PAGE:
Do you lose sleep about your student debt?

Since the abolition in 2015 of the basic grant all Dutch students used to get, students have suffered more financial stress and seek help with debt problems more often, a study by the social credit branch association said last month. In Wageningen, too, students get into debt in order to do a degree. And that…
Illustration: Henk van Ruitenbeek

Charlotte van der Zon (23)
MSc Food Technology

‘I sometimes worry about my student debt. During my BSc programme I was still getting a basic grant through the old system and I borrowed a little bit on top of that for nice activities. Now I borrow the same amount of money I was getting then, so the debt mounts up a lot faster. I’m not worried about paying it off as such, because that will be between 70 and 100 euros a month. That is doable. But I do want to be able to buy a house and a student debt can easily make a difference of 30 to 40 thousand euros on a mortgage. I do worry about that. And if you want to go away for a weekend, or go out for a meal, money plays a role. Sometimes you just can’t do it. Then I try to make sure I can do it the next month. You should have a bit of fun while you’re a student.’

Lena van der Sman (19)
Bsc student of Environmental Sciences

‘If I look up my debt on My DUO, I think, oh yes, I’ve got to pay that back some time. As an environmental scientist I will probably get a job, but the question is how much I will earn. And I am not clear about how paying back the debt will work. The government says: we’ll take the basic grant away. But they don’t make sure it is clear to students how much we are going to have to pay back.’

Roos Verstegen (22)
MSc student of Nutrition and Health and member of the Student Council party VeSte (speaking in a personal capacity)

‘Of course I occasionally worry about my student debt, but I am mainly focusing on my student life now. Developing myself is so important to me that I will be borrowing for an extra year so as to serve on the Student Council. Other than that I don’t do anything extravagant: I live within my means. I don’t go shopping much and only go on holiday in the summer. A student debt has consequences later if you want to buy a house. But I hope that if the generation of students before me managed it, so can I. And then I am lucky that I started on my Bachelor’s programme in 2014, so it’s only my Master’s that comes under the loan system. That makes a difference. Study associations and student societies are finding it increasingly difficult to get board members. People want to do it, but taking an extra year costs money. And there are a lot of students who don’t know exactly how much their debt is going to cost them. We saw that from the reactions we got at our well-attended information evening on student debts and loans in Impulse.’

Eva Koppius (20)
BSc student of Biology

‘I don’t get very stressed because I think 30 years is long enough to pay off my student debt. In retrospect I might have preferred to study a different subject, but I’m not going to change degree programmes now. I think people who really make the wrong choice do still switch programmes, but if you’ve chosen a programme that’s “OK”, the fear of higher debts puts you off switching and you play it safe.’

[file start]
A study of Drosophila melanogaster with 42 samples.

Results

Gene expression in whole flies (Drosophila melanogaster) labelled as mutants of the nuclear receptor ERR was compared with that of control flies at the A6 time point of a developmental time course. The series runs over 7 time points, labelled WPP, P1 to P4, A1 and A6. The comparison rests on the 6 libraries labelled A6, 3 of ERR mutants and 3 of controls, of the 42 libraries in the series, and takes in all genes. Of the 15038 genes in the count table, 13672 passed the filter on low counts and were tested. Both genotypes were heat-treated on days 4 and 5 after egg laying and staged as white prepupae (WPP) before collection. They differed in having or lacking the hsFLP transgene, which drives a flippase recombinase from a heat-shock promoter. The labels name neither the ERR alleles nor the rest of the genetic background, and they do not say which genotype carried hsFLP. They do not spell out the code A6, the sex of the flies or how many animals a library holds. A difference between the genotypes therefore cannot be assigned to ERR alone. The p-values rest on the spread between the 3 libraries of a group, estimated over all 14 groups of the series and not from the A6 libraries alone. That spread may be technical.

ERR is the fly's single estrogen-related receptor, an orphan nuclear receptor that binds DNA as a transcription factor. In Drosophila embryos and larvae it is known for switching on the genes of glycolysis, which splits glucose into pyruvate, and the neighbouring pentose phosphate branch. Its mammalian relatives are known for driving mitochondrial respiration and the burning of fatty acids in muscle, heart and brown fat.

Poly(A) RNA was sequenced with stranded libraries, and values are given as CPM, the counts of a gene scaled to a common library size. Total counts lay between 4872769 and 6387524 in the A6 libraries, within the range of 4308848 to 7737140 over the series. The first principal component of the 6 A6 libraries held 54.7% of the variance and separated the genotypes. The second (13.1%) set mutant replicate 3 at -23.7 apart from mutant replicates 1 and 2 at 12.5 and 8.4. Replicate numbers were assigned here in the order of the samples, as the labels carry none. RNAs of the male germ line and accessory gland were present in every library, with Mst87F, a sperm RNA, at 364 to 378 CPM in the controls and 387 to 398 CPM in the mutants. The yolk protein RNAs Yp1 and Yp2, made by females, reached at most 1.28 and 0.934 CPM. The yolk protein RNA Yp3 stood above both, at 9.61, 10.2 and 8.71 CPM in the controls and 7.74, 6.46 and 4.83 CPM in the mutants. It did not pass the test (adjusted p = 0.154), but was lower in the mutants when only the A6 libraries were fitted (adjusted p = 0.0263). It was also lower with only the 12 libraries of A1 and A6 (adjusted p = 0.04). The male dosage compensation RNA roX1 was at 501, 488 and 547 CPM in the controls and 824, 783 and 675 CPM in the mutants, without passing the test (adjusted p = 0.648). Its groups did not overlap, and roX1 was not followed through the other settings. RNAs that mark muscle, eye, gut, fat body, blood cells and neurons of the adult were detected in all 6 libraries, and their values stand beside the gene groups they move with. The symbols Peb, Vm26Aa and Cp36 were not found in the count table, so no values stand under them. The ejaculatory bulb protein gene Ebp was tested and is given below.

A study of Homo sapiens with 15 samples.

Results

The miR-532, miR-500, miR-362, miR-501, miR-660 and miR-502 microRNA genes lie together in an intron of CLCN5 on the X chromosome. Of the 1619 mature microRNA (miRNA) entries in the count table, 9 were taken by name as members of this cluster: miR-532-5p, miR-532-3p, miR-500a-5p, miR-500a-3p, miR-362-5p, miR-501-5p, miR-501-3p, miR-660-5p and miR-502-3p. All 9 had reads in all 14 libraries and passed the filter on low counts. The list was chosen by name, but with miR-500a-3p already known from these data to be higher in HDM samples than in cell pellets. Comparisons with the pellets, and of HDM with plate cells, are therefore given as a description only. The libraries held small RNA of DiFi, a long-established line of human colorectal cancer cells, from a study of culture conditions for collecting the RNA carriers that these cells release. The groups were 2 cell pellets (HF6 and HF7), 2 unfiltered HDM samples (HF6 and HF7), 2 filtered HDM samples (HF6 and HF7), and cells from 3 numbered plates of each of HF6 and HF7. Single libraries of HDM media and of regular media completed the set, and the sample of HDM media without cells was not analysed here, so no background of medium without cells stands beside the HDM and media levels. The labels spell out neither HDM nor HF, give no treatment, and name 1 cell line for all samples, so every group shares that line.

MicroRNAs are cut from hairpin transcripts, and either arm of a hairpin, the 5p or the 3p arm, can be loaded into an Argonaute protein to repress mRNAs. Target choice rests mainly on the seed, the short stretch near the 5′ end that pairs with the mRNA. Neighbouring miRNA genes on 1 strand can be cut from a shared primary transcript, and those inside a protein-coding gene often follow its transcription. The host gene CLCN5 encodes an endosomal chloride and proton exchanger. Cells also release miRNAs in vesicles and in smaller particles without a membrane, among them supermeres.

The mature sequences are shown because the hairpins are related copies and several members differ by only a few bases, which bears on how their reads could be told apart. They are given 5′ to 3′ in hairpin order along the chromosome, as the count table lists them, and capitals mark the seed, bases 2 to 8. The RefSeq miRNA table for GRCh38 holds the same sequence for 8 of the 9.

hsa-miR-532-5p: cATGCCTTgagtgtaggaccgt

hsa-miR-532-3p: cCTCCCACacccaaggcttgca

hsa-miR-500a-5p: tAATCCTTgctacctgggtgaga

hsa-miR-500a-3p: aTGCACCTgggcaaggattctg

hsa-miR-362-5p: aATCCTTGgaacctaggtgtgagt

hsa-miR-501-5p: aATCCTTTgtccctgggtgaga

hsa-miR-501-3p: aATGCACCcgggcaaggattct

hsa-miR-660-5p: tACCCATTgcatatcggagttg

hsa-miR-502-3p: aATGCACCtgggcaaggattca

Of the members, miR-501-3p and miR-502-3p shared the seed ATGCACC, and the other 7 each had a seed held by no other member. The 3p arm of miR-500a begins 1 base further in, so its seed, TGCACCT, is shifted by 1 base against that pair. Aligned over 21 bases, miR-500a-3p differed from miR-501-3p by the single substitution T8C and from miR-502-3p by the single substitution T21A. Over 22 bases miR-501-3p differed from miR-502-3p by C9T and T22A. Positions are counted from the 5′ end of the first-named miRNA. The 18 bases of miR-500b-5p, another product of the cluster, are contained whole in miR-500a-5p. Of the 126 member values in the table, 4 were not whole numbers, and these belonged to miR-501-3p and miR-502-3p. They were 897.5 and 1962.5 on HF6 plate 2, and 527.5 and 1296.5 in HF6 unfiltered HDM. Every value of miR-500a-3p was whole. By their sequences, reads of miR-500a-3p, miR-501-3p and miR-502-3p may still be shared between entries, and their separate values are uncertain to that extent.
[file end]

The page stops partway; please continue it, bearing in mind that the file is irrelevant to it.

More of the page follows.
Anna Murashova (20)
BSc student of Economics and Policy

‘When you log in on My DUO, you see how much debt you’ve built up. That is not very nice. I get a supplementary grant and borrow the maximum. Sometimes I still run short of money. Recently, for instance, I had extra healthcare costs and other unexpected costs. That causes stress. Because of needing extra time I will probably take three and a half years over my degree. I’ve been asked to be on the board of the student union Student Alliance Wageningen, but I’m not going to do it. I don’t want to take even longer, because the longer you take, the more debt you have.’

Tom van den Brink (24)
Did the Master’s in Public Management at Utrecht University and is chair of the Dutch National Students Association, the ISO

‘Students worry about the growing financial burden. That is not just due to the loan system: tuition fees are going up, the increase in VAT is making everything more expensive, and the government wants to increase the interest on student loans. These are worrying developments. The ISO published a study in January in which it comes out very clearly that there is a link between borrowing and wellbeing among students. Students who borrow are more often extremely tired, suffer more psychological problems and worry more about finances than those who do not. Also, many students opt out of social activities because they are too expensive. When the loan system was introduced it was said repeatedly that it wouldn’t have a negative effect on access to education. But you don’t take out a loan lightly if you know that your student debt will have a massive impact on the mortgage you can get later. More and more students suffer from stress and psychological problems. That is a big concern for our society.’